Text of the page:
Developing countries need support to fight climate change, says ESCAP
Global success requires participation of developing countries
The head of the UN’s regional arm for Asia and the Pacific says that active support to developing countries is key to global success in fighting against climate change.
Speaking today at the climate change conference in Bali, Noeleen Heyzer, Executive Secretary of the Economic and Social Commission for Asia and the Pacific (ESCAP), recalled remarks two days ago at ESCAP by Secretary-General Ban Ki-moon that a breakthrough in Bali could happen only with the active participation of key developing countries in the Asia-Pacific region.
Our challenge, said Ms. Heyzer, was how to support developing countries in undertaking such actions.
She noted that developing countries will not be able to simultaneously achieve continued economic growth and take adequate climate action unless there is technology transfer.
The active participation of developing countries is indispensable for stabilizing green house gas emissions. However, Ms. Heyzer noted, imposing quantitative targets would be scientifically and politically challenging as economic growth uncertainties would make it difficult to make reliable projections on the long-term emission levels.
“The only way to actively engage developing countries in global action is to develop a market mechanism that helps climate change actions become compatible with the needs of countries to pursue rapid economic growth.”
Ms. Heyzer pointed out that climate change represents one of the greatest market failures ever, as it is associated with negligence of the externality of economic growth.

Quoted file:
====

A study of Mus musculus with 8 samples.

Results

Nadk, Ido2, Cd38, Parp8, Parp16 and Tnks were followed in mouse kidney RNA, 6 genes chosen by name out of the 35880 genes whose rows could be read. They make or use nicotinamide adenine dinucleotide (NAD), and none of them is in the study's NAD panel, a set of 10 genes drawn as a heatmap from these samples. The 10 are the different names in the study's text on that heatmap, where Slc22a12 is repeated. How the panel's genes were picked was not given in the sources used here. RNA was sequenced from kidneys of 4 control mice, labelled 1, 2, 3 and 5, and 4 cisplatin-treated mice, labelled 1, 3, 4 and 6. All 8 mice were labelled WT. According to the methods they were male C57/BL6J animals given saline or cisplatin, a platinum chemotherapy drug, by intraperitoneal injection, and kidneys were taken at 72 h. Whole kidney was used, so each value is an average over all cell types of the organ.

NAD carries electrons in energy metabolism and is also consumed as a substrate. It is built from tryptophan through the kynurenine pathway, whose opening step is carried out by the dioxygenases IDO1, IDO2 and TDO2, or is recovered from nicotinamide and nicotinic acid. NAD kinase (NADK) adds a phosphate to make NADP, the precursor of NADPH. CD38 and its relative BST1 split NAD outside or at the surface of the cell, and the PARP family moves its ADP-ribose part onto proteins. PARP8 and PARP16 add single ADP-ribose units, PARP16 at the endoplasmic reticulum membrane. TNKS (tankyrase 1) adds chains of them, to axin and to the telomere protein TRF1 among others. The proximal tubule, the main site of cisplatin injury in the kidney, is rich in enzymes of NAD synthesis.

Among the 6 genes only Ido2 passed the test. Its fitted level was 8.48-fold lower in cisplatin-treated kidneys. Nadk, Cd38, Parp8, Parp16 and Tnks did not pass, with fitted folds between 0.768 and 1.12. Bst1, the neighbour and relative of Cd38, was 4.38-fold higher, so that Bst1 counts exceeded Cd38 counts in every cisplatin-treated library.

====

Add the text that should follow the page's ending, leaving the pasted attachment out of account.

“Thus, we have to correct market failure by internalizing ecological costs into market prices. This is essential to shift from quantity of growth and pursue ecological quality of growth, which is a key pillar of the Green Growth concept that ESCAP has been promoting.”
The Green Growth approach seeks to address climate change without jeopardizing economic growth. Currently, green house gas emitters have no financial incentive to limit their emissions. Green Growth seeks to change this by shifting tax basis from income to environmentally damaging activities, such as fuel consumption. The initiative has been endorsed by the 62 member governments of ESCAP.
Asia-Pacific accounts for 34 per cent of global green house gas emissions. The region represents the highest level of ecological and socio-economic vulnerability to extreme meteorological events – it accounted for 84% of global casualties for the period 2000-2005.
Ms. Heyzer noted that some countries in the region are already embarking on voluntary measures to combat climate change. “The Government of China already has a goal to achieve a 20 per cent energy efficiency improvement as part of its 5-year economic development plan”.
Ms. Heyzer was speaking at a side event held by all five of the United Nations regional commissions. It was attended by UN Secretary-General’s Envoys on Climate Change, Han Seung-soo and Ricardo Lagos, Indonesian Minister of the Environment, Rachmat Witoelar, and head of the UN climate change convention, Yvo de Boer.